Avoiding the Seven Deadly Sins of Investing.

I have spent 35 years in finance, ie investment banking and money management. I have seen several manias, booms and busts in financial markets, a lot of irrational human behaviour.

An extensive market memory is what I regard as my biggest professional asset. So many mistakes in investing have I witnessed – both on my side and others – that now I feel somehow in a position to judge them objectively from a neutral point of view, although I am still prone to make them.

As the great masterpiece by Hyronimus Bosch depicts the Seven Deadly Sins (above), there are a few fundamental mistakes in investing that can absolutely ruin performance.

Most people believe investment success is all about picking the winners. In my experience is it equally if not more important to avoid the deadly sins of investing.

If you don’t get caught in those traps I can assure you investment performance will take care of itself.

1 Information Overflow

In today’s online multimedia world we are overwhelmed by a tsunami of information flow. Financial information is at our fingertip 24/7.

People tend to believe that with more information they have a better basis to make investment decisions. This is flawed, as just the perceived knowledge increases.

Instead, this information flow contains so much “noise” (ie useless information) that on the contrary it makes it even more difficult to filter the essential bits based on which to make sound investment decisions.


Watch the sources of information: get serious and reliable information from papers, research, etc. Cancel all the “noise”. Focus on the essentials.

2 Lack of Investment Goals

The first and probably most important question one should ask before making investment decisions is: what are my investment goals?

These goals very much dependent on the financial situation of the individual: most importantly of the age and if she / he is in a financial accumulation (ie savings) or wealth decumulation (ie spending) phase.


Clearly define your investment goals:

  • what is your investment time horizon?
  • what is your risk tolerance (fluctuation of prices of investments)?
  • how much of a drawdown (= interim losses) are you prepared to take?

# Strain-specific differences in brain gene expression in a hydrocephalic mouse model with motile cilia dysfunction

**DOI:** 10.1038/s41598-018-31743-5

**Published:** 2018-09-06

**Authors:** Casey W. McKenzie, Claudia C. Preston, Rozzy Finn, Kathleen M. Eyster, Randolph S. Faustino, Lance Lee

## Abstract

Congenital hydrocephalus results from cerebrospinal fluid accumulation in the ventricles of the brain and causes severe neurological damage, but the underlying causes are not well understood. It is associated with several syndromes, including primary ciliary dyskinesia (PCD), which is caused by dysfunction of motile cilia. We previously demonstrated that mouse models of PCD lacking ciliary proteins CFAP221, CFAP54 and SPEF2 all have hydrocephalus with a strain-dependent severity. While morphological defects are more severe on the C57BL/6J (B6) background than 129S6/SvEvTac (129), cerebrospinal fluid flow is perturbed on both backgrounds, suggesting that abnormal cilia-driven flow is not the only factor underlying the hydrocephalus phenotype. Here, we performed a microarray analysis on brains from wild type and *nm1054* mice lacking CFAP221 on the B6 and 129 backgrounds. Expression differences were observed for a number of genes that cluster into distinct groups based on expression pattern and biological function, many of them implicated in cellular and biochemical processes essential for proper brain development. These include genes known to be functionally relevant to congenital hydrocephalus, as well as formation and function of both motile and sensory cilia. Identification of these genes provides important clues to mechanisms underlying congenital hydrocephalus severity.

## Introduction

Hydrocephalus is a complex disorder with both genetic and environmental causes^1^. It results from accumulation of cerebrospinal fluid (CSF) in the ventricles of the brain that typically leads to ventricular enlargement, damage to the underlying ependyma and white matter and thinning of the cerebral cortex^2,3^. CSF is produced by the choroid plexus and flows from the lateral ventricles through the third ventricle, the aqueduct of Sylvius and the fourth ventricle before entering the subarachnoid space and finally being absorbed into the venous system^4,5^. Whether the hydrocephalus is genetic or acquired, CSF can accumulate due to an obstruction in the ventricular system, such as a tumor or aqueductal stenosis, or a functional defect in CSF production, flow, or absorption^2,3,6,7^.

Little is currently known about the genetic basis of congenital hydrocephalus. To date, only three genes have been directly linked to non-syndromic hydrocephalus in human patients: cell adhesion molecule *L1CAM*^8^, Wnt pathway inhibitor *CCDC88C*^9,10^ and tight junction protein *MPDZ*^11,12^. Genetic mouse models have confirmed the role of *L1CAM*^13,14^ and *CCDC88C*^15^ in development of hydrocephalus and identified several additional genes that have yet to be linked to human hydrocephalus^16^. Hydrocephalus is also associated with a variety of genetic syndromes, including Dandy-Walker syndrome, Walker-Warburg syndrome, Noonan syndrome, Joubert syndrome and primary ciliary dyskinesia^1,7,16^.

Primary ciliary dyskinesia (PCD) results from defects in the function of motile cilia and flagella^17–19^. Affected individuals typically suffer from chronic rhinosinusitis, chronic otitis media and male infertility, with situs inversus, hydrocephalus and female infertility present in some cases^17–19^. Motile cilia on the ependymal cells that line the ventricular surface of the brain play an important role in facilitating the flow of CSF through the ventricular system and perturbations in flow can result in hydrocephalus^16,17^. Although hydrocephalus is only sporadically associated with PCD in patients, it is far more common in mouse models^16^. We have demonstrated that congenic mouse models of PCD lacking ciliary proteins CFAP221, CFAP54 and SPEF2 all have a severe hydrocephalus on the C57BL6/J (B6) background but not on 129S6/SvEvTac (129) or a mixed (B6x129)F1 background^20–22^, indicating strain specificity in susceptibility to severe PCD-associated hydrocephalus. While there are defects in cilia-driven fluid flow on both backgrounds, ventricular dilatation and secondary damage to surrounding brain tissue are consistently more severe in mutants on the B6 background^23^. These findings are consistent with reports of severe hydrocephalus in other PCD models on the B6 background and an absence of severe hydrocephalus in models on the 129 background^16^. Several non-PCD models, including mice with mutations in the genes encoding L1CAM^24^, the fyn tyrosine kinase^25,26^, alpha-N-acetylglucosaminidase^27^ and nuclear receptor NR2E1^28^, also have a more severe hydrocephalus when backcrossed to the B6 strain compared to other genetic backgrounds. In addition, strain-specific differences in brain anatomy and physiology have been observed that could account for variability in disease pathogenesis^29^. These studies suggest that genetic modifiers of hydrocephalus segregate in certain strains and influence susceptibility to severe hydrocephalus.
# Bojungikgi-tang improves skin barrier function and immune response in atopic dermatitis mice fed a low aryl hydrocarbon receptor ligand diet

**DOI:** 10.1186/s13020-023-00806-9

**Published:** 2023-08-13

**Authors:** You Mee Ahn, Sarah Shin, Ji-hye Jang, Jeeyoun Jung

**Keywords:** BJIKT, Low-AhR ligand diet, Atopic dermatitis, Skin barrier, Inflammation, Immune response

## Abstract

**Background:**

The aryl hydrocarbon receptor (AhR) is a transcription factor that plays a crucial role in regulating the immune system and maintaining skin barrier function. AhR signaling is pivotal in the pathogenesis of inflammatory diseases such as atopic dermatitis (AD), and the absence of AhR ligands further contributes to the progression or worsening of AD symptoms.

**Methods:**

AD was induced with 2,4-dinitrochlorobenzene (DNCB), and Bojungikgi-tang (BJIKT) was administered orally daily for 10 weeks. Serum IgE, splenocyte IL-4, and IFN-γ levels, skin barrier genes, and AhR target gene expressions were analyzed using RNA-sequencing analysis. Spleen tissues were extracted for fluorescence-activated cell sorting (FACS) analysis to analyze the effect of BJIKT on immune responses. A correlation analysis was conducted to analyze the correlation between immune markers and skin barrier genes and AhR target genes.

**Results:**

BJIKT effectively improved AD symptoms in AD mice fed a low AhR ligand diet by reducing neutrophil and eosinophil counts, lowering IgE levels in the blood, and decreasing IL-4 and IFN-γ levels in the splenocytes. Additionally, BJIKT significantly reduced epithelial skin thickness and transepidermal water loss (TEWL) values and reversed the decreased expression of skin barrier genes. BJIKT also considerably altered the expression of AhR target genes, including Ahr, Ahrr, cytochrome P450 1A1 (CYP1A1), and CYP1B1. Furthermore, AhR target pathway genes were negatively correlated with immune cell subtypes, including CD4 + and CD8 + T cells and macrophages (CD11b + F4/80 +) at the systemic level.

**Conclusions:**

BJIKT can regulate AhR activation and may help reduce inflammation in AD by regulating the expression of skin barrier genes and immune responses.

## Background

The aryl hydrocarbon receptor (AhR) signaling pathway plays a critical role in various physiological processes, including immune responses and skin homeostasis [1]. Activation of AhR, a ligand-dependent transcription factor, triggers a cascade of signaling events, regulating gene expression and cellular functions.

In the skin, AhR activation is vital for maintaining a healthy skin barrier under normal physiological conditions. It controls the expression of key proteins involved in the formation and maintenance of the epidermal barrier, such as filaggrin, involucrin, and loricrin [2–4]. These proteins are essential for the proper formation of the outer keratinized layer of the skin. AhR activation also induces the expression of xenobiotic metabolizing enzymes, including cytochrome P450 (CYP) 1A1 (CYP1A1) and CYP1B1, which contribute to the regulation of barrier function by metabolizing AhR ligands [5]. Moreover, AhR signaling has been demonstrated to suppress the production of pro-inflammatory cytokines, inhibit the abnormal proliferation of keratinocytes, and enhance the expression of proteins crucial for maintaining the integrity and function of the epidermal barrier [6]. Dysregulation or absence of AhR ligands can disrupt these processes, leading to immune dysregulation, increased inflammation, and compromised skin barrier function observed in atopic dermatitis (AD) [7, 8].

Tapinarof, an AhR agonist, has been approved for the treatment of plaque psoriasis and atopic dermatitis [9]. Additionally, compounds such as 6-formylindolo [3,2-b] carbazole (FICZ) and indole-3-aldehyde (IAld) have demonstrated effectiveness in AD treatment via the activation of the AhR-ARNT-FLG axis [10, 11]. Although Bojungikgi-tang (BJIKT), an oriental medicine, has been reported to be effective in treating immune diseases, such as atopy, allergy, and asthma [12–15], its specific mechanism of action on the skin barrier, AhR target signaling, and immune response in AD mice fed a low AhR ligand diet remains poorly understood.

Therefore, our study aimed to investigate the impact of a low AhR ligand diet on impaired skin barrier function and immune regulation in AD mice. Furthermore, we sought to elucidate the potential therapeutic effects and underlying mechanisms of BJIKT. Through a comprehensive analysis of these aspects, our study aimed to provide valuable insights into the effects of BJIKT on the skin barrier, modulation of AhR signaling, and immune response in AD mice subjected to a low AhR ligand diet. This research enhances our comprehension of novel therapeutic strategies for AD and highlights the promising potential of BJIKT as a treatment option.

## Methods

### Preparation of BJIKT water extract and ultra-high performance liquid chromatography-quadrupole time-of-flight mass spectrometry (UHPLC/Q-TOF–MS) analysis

3 Lack of Analysis

People very often take lots of time and efforts to make not so important “investment” decisions (such as washing machines, TVs). They seldom take appropriate resources for life defining financial decisions.

Investing is all about analysis, or “due diligence”. There is no shortcut to conduct your own research. Try to find your niche, everybody has one area where they have an “edge” of knowledge (think about your profession).

Key things to check when to invest in a stock are competitive advantage, product superiority, management quality, and of course stock valuation.


Find an area where You have expertise. Focus in your analysis on the five key parameters that drive the performance of an investment.

4 Overtrading

The 17th century mathematician Blaise Pascal once said: “All human evil comes from a single cause, man’s inability to sit still in a room.”

As is inherent in human nature, people always want action. So they do with investments. They believe the more they trade, the better.

Quite the opposite is true: overtrading, apart from being costly, almost certainly leads to bad investment decisions and hence performance results.


Resist the temptation to always have to act. Sit still, be selective and very carefully consider each investment You commit to. As Warren Buffett used to say: regard your whole investment life as if you had a punchcard with only 20 investment choices.

5 Impatience

Time and again people ask me if I had a sure “Tip” for an investment to make a quick buck. Besides that there are no “sure Tips”, a lot of people are plagued with a chronic desease when it comes to investing: impatience.

I like to compare investing with sports: investing is not a sprint, it is a marathon. Some of my friends built quite some wealth with real estate and their own companies. I always remind them that it took years to create value with real estate or building companies. The same is true for stock investments.


Set yourself an absolute miminum investment horizon for one year for an individual investment. Also, do not check the prices too frequently. Because the underlying value does not change as fast as prices.

6 Flow with the Crowd

There is this old stockmarket saying that “the trend is your friend”. Surely this is true for some periods.

However, outstanding investment results can only be achieved when you take the opposite view of the prevailing opinion of the crowd.

Think about all those mania peaks in the stockmarket, from 1929 to 2000, 2007 and probably 2021. Your bet against the “wisdom” of the crowd has to be extremely well founded especially avoiding sins number 1 and 3.


Be a “Black Swan” – ie take the opposite investment position of the crowd – when you are absolutely convinced that the market is excessively irrational due to mad crowd behaviour.

7 Bad Risk Management

Last but not least, no or bad risk management can be detrimental to your investments.

It is essential that you carefully monitor your investments, not so much in price terms, but regarding the development of the underlying fundamental value.

I am not a big fan of overdiversification. Not putting all of your eggs into one basket is fine, but do not open too many baskets, rather watch your eggs closely.


Key ingredients for good risk management are: monitoring of investments, cut your losses and let your profits run. And change your mind immediately when the facts change.